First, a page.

Reducing Plastic in the Garden
Yeah, it's Friday and another chance to Think Plastic and support Plastic Free July.
Week 3 - Plastic in the Garden!
There's a great group Our Food, Our Land: Gardeners Responding to Climate Emergency which has been discussing how to reduce plastic in the garden. And of course, there are lots of sites around from Gardeners World to the BBC and Garden Organic who all have pages on how to reduce or reuse garden plastic.
Many solutions, as usual may be ok for cities and more densely populated areas. I know, for instance, that someone now makes eco bricks simply to consolidate the volume plastic takes up and then puts it in the bin. Sounds crazy? But, they live close to a waste to energy plant and really it seems the best solution for that situation. Anyway... here are some thoughts and ideas on garden plastic:
- Dobbies do take back cleaned plant pots and trays for recycling. Anyone know if our local garden centres do that?
- But... we could set up some local places where folks could drop off their excess pots and trays for re-use. There are many projects that will get going soon in schools and communities who will need seed trays and pots. If anyone has any suggestions here or would like to be a collection point, please shout.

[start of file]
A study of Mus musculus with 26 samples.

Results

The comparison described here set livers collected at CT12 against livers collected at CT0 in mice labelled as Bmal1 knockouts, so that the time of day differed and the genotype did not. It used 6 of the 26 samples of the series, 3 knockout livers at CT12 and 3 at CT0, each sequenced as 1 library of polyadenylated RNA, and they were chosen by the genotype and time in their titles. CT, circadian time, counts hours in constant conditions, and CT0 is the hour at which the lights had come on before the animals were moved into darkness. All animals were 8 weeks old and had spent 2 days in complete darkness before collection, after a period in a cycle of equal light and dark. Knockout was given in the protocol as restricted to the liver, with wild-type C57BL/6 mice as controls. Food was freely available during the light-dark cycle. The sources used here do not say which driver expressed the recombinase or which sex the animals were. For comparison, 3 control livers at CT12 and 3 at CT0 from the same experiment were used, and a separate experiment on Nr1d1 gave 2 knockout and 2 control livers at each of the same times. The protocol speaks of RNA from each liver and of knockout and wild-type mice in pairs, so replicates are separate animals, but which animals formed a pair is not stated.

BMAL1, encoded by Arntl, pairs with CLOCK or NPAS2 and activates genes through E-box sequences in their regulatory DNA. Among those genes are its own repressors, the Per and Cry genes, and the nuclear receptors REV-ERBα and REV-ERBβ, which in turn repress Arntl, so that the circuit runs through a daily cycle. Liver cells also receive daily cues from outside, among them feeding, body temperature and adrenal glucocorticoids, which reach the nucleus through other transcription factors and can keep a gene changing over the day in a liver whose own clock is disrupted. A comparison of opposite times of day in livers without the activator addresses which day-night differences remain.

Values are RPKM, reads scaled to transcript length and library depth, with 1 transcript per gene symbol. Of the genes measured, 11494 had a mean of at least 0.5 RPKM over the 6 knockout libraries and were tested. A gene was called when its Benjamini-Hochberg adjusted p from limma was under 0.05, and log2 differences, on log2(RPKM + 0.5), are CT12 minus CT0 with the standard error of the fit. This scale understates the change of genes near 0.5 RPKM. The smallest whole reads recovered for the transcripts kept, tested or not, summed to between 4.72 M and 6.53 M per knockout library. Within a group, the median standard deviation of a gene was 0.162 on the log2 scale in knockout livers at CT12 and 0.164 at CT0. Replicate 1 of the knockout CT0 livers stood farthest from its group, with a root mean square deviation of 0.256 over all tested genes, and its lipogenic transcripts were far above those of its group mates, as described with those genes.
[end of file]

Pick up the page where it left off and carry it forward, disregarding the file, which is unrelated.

- Compostable pots and trays are now available, although no doubt a little more expensive
- Pots can easily be made from toilet roll tubes (you can cut and fold over one end to stop compost coming out of the bottom
- And of course some plants like peas and beans can be started off in toilet roll tubes and planted straight in the garden (helps to deter mice eating them, and allows earlier starting indoors) Compost (bark, grit, feed.. ) bags seem to be the worst problem. No one, it seems, takes these for recycling. It's a big problem and crosses over into other plastic bags like pet food bags, bird food bags etc. If you look on line, you can see many suggestions - lining raised beds and planters - use them for rubbish bags - weed suppression on paths (I worry about what happens when they degrade...)
- More on compost bags... One suggestion - BAD - was to take the bag and fill it with appropriately mixed composting material and seal the bag tight. This is bad because anaerobic composting makes methane, which is really bad for global warming. So far, all I've been doing with compost bags etc, is storing them. Maybe, at some point teracycle will provide a solution - maybe we can initiate this. Maybe it's something we should look into more.... wanna volunteer to take this forward???
Be great to hear your ideas on how we can reduce the areas garden plastic use. So, please do join the use below to share your fab ideas on how to reduce our garden plastic problem - which, ironically, will most likely get worse as more of us are "growing our own".